The contact center workforce optimization (WFO) software market has reached a turning point. According to DMG Consulting’s 2016 “WFO Mid-Year Market Share Report,” the total company revenue for the top 42 competitors dropped almost $6 million between mid-2015, when it peaked at $1.75 billion, and mid-2016. And as revenue has fallen, mergers and acquisitions have risen—big time. DMG expects this activity to continue well into 2018, causing smaller vendors to play it safe and focus more on setting themselves up for a sale rather than innovating and investing in their futures.
Still, there are also opportunities for market expansion, particularly as WFO solutions move out of the contact center, which has traditionally been the key market for such solutions, to back offices and branch locations. Based on the success of such solutions in customer service, companies are now looking to the technology to help them lower costs, improve service quality, and improve customer experiences in other departments.
Aspect Software continues to hold a spot on the leaderboard, standing out for its company direction, where it earned its highest score (3.8). Paul Stockford, president and chief analyst at Saddletree Research, says the company is “pushing the envelope in the field of employee engagement, which will be critically important in 2017.” However, despite handling its Chapter 11 filing “about as well as any company possibly could, it still faces many challenges in expanding into a unified provider of WFO and routing,” says Ian Jacobs, senior analyst at Forrester Research. He mentions that the outfit has moved in some interesting directions, “building virtual assistants for agents to help them handle such chores as schedule requests, for example.” Dick Bucci, chief analyst at Pelorus Associates, adds that the company is “clearly in its ascendancy,” having beefed up its WFO functionality.
Calabrio earned good marks for direction (3.8) and overall functionality (3.7). Stockford calls the vendor “the rising star in the WFO market,” noting a laser focus on its market segment and a leadership that can get the company where it wants to go. “The sky’s the limit for them,” he states. “Calabrio is poised for continued growth and success. I’d advise their competition not to blink an eye or these guys will pass you by.” Jacobs lauds the company for its strong technology and relationships with customers. “Calabrio has also forged some interesting partnerships that expand their addressable base,” he says.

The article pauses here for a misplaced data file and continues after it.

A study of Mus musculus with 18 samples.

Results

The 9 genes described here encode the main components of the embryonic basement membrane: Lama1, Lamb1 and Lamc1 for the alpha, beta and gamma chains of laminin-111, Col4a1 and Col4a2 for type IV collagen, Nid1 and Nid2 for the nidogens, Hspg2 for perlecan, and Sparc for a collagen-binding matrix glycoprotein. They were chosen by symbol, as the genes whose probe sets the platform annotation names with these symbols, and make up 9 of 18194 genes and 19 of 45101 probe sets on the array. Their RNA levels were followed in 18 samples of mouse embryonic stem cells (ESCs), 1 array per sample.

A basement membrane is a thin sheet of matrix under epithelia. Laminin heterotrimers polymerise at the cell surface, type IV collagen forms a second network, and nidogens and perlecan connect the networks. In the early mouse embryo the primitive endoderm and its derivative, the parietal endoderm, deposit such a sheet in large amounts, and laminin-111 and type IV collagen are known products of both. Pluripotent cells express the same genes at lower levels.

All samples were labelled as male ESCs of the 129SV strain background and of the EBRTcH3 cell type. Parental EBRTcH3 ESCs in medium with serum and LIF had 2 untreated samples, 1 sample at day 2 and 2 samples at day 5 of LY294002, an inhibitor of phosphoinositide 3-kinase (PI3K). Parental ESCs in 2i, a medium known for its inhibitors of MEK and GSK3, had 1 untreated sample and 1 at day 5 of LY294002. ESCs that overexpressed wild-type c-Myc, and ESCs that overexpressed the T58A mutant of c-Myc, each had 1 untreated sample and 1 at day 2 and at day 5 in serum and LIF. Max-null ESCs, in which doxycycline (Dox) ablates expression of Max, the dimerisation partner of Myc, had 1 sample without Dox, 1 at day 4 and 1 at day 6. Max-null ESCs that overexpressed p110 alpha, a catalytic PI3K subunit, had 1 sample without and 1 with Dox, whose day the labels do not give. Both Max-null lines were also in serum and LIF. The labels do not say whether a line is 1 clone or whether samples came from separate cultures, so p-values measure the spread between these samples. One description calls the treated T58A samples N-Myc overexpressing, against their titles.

Genesys scored highest in company direction (3.4), but Bucci maintains that its true place in the WFO market is still unclear. “Genesys does not qualify as a true WFO vendor,” he holds, but its August acquisition of Interactive Intelligence “will add some much needed functionality.” Jacobs says the acquisition is helping Genesys expand its customer base. “Genesys’s workflows cross its WFO and routing solutions, allowing routing decisions to be based on an agent’s schedule state,” he says. “More companies need to recognize how powerful it can be to link routing and WFO.”
NICE posted its best scores for company direction (4.5) and depth of functionality (4.3). Analysts identified its acquisition of inContact, another WFO leader, as having a major impact on the sector. But, according to Stockford, the impact of the acquisitions on its WFO suite “remains to be seen.” Still, he expressed confidence that the company has the leadership that will lead it in the right direction. Its “focus on moving WFO to the cloud is a good indication of where NICE is headed in the future,” he says. Jacobs adds that the company stands out for its “unrivaled breadth” and “heavy-duty functionality.”
Verint Systems continues its long reign as the category leader, and for good reason, analysts agree. The company has been “relentless in [its] continual quest for WFO innovation and leadership,” Stockford notes, and represents “the gold standard” for the category. He singles out Verint’s Voice of Employee solution as one that pushes it “a nose ahead of the competition.” A measure of Verint’s overall strength: Its score in customer satisfaction (3.6) was only its third-highest, but it was the highest satisfaction score on the leaderboard. “When we talk to Verint customers about why they chose the vendor, many of them specifically cited the unification of its WFO suite,” Jacobs says. “Verint has knitted together all of the tools brands need to manage their customer service organizations into a unified whole.”
ONE TO WATCH
ZOOM International emerges as this year’s one to watch. “Too few people have heard of them,” Bucci says, maintaining that, while it is a relatively small company, it is “an innovation leader in the WFO space.” Among its recent additions are video and telepresence recording and performance analytics.
[Editor's note: The overall award rating is based on a composite score of analyst ratings for customer satisfaction, depth of functionality, company direction, and cost. For the cost score, analysts gave the highest marks to vendors with the lowest expected costs. Company revenues were also factored into the overall score, but these numbers are not included in the chart above.]